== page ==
September 13, 2012
By Peter C. Thoms, CFA
Founder, Orion Capital Management LLC
Before starting my own investment firm here in Coronado in 2002, I worked for a large investment company called PIMCO, serving as the co-portfolio manager of an equity mutual fund called the PIMCO Growth & Income Fund. After having been involved early in my career in managing mutual funds both as an analyst and portfolio manager, I now only very rarely invest any of my clients’ assets in mutual funds. Why?
Simply put, the vast majority of funds charge too much, trade too much, are inefficient from a tax perspective and deliver sub-par investment returns to their investors. When you examine funds using a cost/benefit analysis from the investor’s perspective, very few mutual funds have any business being in business. For the fund companies, however, mutual funds are a wonderful business.
Years ago mutual funds helped to democratize the stock market, as they provided individual investors a means to buy a diversified and professionally managed portfolio of stocks without paying commissions for each individual stock. Back in those days, however, it was actually expensive to trade a stock. I still remember my parents paying nearly $200 to their Dean Witter broker in the 1990s to buy a mere 200 shares of Intel. Today such a trade would cost $10 or less.
The mutual fund industry is losing assets at a rapid rate—in the last three years outflows have amounted to $546 billion, about 5% of total industry assets. Yet there are still 52 million households in the U.S. that own funds, 650 fund sponsors and $11.6 trillion in assets under management industry-wide. Investor apathy and lack of knowledge about the alternatives to mutual funds are probably why the fund industry has still managed to hang onto significant assets despite its inferior product offering.
The reality is that there are now cheaper and more tax-efficient ways to invest than mutual funds.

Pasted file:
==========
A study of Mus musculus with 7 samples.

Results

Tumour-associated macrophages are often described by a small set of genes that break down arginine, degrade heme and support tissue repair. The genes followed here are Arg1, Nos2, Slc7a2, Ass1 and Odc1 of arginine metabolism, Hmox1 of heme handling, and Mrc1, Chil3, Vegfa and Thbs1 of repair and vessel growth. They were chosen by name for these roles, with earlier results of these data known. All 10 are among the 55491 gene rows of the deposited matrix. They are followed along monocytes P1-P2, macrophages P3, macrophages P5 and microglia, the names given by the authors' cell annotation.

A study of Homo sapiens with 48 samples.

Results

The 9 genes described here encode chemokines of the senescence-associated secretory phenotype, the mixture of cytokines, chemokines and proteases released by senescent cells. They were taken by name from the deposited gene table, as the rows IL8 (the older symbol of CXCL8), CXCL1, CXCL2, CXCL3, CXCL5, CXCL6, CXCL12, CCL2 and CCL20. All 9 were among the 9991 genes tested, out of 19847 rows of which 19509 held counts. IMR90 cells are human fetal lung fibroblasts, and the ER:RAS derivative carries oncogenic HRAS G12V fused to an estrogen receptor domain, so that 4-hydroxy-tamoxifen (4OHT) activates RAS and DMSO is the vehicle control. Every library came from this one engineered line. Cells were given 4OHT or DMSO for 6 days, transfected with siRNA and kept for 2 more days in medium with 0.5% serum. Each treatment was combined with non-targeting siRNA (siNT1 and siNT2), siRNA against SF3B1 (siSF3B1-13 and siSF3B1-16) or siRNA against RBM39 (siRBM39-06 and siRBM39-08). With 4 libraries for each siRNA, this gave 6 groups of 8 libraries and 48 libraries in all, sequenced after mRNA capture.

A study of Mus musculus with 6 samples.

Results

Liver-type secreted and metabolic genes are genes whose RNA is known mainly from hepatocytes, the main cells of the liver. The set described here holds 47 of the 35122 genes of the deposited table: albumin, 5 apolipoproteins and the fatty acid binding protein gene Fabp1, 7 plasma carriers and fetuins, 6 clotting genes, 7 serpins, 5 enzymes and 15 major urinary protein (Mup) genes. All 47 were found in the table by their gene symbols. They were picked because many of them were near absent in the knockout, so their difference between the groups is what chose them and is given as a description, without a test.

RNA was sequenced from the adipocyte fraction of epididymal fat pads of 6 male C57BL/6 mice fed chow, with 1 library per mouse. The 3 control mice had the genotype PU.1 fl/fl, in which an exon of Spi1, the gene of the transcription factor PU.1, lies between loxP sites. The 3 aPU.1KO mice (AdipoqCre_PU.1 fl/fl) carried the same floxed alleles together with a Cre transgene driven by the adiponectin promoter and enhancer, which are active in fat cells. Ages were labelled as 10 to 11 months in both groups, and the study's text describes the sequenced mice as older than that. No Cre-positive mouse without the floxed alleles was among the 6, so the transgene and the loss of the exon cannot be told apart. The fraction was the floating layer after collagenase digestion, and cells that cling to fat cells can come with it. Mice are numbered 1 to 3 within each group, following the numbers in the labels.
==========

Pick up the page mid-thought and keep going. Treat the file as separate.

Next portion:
I invest my clients’ assets almost completely in individual securities and exchange-traded funds (ETFs). An ETF is basket of securities that typically tracks a benchmark, such as the S&P 500 Index or the MSCI Emerging Markets Index. Most ETFs are passive investments in that there is no trading going on in the ETF except that which is necessary to keep it matched to the benchmark. ETFs have been around since 1993, but in recent years their numbers and types have proliferated. Broadly speaking, they are useful investment vehicles that merit consideration from all investors.
A portfolio of ETFs and individual securities is simply more cost-effective and tax-efficient than a portfolio of mutual funds and can be more finely tuned to reflect an investor’s specific preferences and objectives.
While mutual funds remain a powerful force in the investment world today, they are on the wane.
As usual, I welcome your comments and feedback.
Peter C. Thoms, CFA
Orion Capital Management LLC
1330 Orange Ave. Suite 302
Coronado, CA 92118
About the Author:
Peter C. Thoms, CFA, is the founder and managing member of Orion Capital Management LLC, an independent Registered Investment Advisor based in Coronado, California. The firm manages assets for individuals, families, trusts, corporate pension plans and non-profit organizations.
This document is for informational purposes only. Nothing in this report is to be construed as a specific investment recommendation. This document does not constitute the provision of investment advice, which is only provided by Orion Capital Management LLC under a written investment advisory agreement and only in states in which Orion Capital Management LLC is registered or is exempt from registration requirements. Orion is not a tax advisor and does not provide tax advice. For tax advice individuals should consult their CPA.